Well, we did it. We had a successful art swap. People came – and they brought art. They swapped, they haggled, they considered their options, and they made decisions. They also ate and got their knives sharpened. Here’s how it broke down – what worked and didn’t, and what we would do to improve the swapping.
As background, I had read about an art swap and loved the concept. Similar to a clothing swap (Naked Lady Party, as some call it), you invite guests and tell them to bring art to exchange. The theory is this: by a certain age, many people have art they’ve outgrown, art received from family members that’s not quite right, or regular old mistake purchases sitting around cluttering the house/garage/attic. Most people would like to get rid of these items, but how? Donate them? Try to sell them on Craigslist? Well, why not see if you can pawn them off on friends – and receive something in return. If it works, everybody wins.
If it works – this is the phrase that caused me some stress. How the heck do you pull this off? While it’s an incredible concept, unfortunately the concept was all I had – no specifics. Endless questions ensued. For example, if Jess wants to swap with Mark, but Mark doesn’t like what Jess brought, what happens? We thought of two possible outcomes. First, we encouraged people to work out three – and four-way swaps. (I believe there were some three-ways going on – which sounds kinda kinky, but wasn’t.) Second, there was also cash exchanging hands in cases where a swap was impossible. I swapped one of my items with a friend in a direct exchange, but I also sold a couple of items to a gal who brought nothing to swap and was looking to furnish her new office with art. The cash I received from her went straight to others to buy myself a couple of pieces. Nice.
Regarding the numbers – about 20 people came, and most brought a couple of pieces of art, though some brought several. We spread the art around my (very small) living room, and started checking stuff out. I believe that the more the better for this occasion, as you get a larger selection, but quality is also key here. Not necessarily good quality, but similar quality – and similar taste. If you can invite people who have admired the art of others in the group, it seems there will be more swapping.
To that end, we did set a few value categories and other parameters. We didn’t want some people bringing art worth $7,000 to swap with those offering post-college purchases. Our categories were as follows:
1. Art worth $100 to $300 dollars, including framing
2. Art worth $300 to $500 dollars, including framing
3. “Make me an offer”
4. Art was not limited to paintings; posters, glass, pottery, sculpture, and more were all available to be swapped
I originally thought people should be limited to bringing two pieces of art per person, but I was nervous we wouldn’t have enough stuff, and changed it to “bring all you can fit in your car.” We had a good selection. And guess what – people had a blast. The concept was definitely a hit, with a lot of visiting and comparing and discussion of worth, style, media. Of course, we had great food and plenty of drink, which definitely loosens people up. As a(nother) carrot to entice people to attend, I also had a mobile knife sharpener at the house. The van was parked in the driveway, and people dropped off knives as they came in, then swapped and sipped the afternoon away.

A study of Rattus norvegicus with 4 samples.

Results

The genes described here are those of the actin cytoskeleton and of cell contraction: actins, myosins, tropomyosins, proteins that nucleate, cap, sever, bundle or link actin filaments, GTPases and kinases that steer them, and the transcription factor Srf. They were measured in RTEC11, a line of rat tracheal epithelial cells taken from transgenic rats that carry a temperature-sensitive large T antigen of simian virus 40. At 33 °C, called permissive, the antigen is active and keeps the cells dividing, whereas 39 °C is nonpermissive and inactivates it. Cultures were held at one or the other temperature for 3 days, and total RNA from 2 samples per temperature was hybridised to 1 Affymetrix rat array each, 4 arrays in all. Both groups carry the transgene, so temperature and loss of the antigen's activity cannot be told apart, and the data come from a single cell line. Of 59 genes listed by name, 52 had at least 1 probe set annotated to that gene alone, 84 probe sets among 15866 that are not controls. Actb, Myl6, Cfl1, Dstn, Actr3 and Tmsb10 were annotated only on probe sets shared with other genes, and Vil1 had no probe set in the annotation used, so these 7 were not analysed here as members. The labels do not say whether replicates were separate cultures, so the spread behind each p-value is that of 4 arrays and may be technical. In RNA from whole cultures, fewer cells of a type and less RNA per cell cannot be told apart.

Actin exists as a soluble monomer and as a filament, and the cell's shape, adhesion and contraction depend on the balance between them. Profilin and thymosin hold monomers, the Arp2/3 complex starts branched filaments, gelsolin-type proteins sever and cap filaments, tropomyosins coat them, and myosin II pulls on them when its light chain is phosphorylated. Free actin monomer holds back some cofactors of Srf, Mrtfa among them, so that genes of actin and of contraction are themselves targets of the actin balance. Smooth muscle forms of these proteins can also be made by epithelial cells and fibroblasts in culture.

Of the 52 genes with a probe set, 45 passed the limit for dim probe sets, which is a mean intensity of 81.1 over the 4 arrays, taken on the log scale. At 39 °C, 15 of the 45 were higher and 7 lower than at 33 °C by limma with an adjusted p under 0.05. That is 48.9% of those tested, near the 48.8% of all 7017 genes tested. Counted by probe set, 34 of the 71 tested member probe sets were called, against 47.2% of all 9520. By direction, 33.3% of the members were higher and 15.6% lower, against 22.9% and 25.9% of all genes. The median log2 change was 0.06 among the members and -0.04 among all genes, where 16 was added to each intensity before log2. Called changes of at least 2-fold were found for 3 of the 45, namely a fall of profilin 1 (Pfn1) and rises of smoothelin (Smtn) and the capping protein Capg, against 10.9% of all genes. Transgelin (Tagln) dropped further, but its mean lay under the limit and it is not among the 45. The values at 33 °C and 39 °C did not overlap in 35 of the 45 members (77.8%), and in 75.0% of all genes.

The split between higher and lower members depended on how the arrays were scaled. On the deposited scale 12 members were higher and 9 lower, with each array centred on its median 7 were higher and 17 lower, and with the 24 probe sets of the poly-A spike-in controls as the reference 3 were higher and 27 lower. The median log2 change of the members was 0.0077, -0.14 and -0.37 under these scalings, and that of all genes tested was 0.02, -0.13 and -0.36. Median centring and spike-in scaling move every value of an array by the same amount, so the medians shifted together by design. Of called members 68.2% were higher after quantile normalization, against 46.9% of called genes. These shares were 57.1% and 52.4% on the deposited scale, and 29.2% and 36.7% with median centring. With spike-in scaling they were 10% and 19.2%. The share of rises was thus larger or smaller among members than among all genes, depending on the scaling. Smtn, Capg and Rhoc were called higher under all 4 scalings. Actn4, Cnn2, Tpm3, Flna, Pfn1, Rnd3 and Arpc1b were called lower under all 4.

Now, here’s what we would do to improve the experience:
1. Once a successful swap or purchase occurs, remove the art from the room or indicate that it is no longer available.
2. Have guests fill out a tag for each piece they bring with the following info: what they paid for the art, what they consider the swap value to be (it could have increased or decreased in value), provenance (one guest had info for each artist she brought), bottom line sale price if they don’t want to cart the piece home.
3. Circulate pictures of items you know will be up for swap ahead of time as an example. I could have easily taken pictures of my items and circulated them, and I wish I had. Giving people something to use as a guide is a good idea.
4. Consider setting up a Facebook page for the event. This would allow people to post pics of items they plan to bring, and serve as a great guide for the type of art being swapped.
This was such a blast that I’m going to have another art swap. And I had personal swapping success! I’ve already rearranged and hung my new art, plus I have a present for my mom. Next time, my friends and I will be more experienced – we’ll know what we brought last time and use that as a guide. In the interim, I seriously hope we’ll all be walking through our houses evaluating the walls. Should I swap that? Or do I really want to keep it? Those are the real questions.